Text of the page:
PRLog - Sep. 8, 2010 - SEATTLE -- The real story of baseball is not just about the major leagues. It’s our own experience of the game and its magical way of connecting in our lives. The book Home Field: Nine Writer Remember Baseball is filled with stories that show this magic and evoke the memories of why we love the game.
Home Field Cover
You’ll find girls and women’s softball, it’s got little league, it shows what it’s like to be a major league prospect from the inside, and much more.
The book’s publishers take a new approach, making the book available for free reading online at their website, www.libertary.com, or you can buy a copy and read it the traditional way. It’s sort of like a ball game where you can go to the park and buy a ticket or find a TV and watch it for free. Either way, you’ll see the game in a bunch of different ways, some familiar, some new.
A guy tries to coach girl’s softball and comes up with innovative and surprising coaching methods along with the realization that age-old aphorisms may not be the best way to connect with 11-year old girls. Another guy recalls his decade long experience with a men’s softball team. He talks about the changes in the players’ lives and their story as a team, and finally discovers why he loves the game.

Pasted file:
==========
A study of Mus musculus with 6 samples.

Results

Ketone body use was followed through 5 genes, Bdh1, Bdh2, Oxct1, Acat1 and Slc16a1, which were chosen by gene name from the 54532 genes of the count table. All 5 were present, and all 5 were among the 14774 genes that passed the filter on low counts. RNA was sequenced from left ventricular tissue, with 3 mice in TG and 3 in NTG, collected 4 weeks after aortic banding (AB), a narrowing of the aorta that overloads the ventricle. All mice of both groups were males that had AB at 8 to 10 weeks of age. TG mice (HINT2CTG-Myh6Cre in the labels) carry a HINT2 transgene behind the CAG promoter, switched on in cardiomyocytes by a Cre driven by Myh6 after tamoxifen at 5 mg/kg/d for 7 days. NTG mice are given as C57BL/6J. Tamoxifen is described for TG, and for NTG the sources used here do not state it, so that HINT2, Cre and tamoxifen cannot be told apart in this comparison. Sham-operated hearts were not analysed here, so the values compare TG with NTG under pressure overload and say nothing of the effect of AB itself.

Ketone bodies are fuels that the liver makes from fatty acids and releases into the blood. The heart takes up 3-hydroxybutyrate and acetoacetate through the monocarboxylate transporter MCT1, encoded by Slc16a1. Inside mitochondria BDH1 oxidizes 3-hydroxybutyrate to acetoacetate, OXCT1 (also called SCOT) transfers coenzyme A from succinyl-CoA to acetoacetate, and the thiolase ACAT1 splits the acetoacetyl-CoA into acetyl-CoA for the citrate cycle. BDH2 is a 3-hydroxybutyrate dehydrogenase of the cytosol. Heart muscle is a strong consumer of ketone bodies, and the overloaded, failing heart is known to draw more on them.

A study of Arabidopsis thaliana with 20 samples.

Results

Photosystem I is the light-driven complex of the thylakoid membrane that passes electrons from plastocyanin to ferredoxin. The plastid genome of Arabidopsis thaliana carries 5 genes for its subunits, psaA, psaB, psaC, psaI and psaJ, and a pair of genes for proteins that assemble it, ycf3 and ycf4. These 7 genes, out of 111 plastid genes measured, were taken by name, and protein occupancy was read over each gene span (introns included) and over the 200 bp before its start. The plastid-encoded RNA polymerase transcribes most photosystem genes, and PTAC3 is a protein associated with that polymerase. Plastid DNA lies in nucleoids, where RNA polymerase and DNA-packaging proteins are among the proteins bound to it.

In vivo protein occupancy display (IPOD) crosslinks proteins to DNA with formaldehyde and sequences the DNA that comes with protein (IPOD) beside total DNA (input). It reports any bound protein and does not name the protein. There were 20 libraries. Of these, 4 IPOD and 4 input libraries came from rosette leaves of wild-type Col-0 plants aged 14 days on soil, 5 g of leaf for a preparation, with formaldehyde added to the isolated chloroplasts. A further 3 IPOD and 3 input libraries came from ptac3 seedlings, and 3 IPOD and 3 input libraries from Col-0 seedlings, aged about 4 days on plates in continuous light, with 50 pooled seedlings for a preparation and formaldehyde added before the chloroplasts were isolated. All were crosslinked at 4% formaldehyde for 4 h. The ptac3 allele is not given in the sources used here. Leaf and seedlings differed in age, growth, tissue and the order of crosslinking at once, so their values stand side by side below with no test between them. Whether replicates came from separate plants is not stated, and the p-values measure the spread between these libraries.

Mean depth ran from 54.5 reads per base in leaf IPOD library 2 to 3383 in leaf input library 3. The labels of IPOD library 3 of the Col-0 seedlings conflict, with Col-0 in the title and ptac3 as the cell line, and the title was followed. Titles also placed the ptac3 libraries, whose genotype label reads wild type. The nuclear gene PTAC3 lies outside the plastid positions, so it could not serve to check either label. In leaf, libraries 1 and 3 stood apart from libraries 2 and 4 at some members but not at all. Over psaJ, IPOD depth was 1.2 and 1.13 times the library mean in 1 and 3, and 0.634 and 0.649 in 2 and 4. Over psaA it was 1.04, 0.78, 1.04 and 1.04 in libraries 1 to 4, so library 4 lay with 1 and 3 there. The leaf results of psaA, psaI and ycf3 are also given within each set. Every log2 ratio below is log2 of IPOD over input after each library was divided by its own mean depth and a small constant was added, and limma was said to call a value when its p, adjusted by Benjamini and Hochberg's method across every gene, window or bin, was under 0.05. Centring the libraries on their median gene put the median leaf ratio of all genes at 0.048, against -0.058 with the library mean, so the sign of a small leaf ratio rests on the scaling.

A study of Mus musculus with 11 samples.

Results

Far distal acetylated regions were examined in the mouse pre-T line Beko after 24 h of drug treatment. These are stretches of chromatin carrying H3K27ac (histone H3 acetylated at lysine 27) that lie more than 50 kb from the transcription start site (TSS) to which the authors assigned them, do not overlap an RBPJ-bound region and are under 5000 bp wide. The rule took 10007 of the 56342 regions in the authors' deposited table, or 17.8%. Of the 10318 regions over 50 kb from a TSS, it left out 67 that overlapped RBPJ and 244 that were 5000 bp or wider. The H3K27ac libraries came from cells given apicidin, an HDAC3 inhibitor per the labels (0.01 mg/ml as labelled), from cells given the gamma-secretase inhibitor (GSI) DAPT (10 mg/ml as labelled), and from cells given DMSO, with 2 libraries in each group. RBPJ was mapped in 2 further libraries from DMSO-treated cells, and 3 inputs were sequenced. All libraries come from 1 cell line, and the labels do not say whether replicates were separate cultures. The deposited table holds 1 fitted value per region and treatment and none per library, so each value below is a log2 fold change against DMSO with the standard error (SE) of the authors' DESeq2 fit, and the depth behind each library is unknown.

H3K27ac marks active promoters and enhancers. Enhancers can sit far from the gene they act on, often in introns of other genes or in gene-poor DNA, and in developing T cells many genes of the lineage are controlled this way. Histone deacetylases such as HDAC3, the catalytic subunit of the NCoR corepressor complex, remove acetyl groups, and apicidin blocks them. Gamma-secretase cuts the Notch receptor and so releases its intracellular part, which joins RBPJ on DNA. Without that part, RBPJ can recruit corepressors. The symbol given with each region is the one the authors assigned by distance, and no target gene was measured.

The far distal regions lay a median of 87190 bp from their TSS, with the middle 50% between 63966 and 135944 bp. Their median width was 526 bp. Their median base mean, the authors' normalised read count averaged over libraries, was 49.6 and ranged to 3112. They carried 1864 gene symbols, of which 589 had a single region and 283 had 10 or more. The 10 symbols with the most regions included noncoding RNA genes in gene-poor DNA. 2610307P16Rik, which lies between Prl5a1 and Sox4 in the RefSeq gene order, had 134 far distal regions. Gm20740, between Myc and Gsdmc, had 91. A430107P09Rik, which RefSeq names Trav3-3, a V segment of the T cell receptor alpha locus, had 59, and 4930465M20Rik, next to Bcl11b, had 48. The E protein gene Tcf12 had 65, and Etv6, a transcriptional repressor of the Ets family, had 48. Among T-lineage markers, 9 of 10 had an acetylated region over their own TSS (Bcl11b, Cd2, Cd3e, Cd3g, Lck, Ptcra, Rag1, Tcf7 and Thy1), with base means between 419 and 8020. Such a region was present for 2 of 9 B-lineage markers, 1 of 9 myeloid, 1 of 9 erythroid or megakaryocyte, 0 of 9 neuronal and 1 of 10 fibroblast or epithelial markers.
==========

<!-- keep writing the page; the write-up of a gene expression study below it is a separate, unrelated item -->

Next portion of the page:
As the Major League playoffs loom just around the corner, excitement is building just as it does at every summer’s end. Now it’s worth taking some time to read Home Field to remember the magic of growing up with baseball, and how it was cultivated into a passion for the game.
It is filled with stories by renowned authors, two of whom (Timothy Egan and Sherman Alexie) are National Book Award winners. These marvelous stories will evoke the childhood feelings of wonder and mystery while capturing your attention.
Of course, not all memories of baseball are warm and happy. Lynda Barry shares the tale of a magical baseball glove laced with difficult memories of her father. Sherman Alexie talks about his love/hate relationship with baseball that serves as a passionate metaphor for his feelings about race, women, and identity.
Indeed, here is baseball without stats but full of life, played by local heroes and heroines on their home field.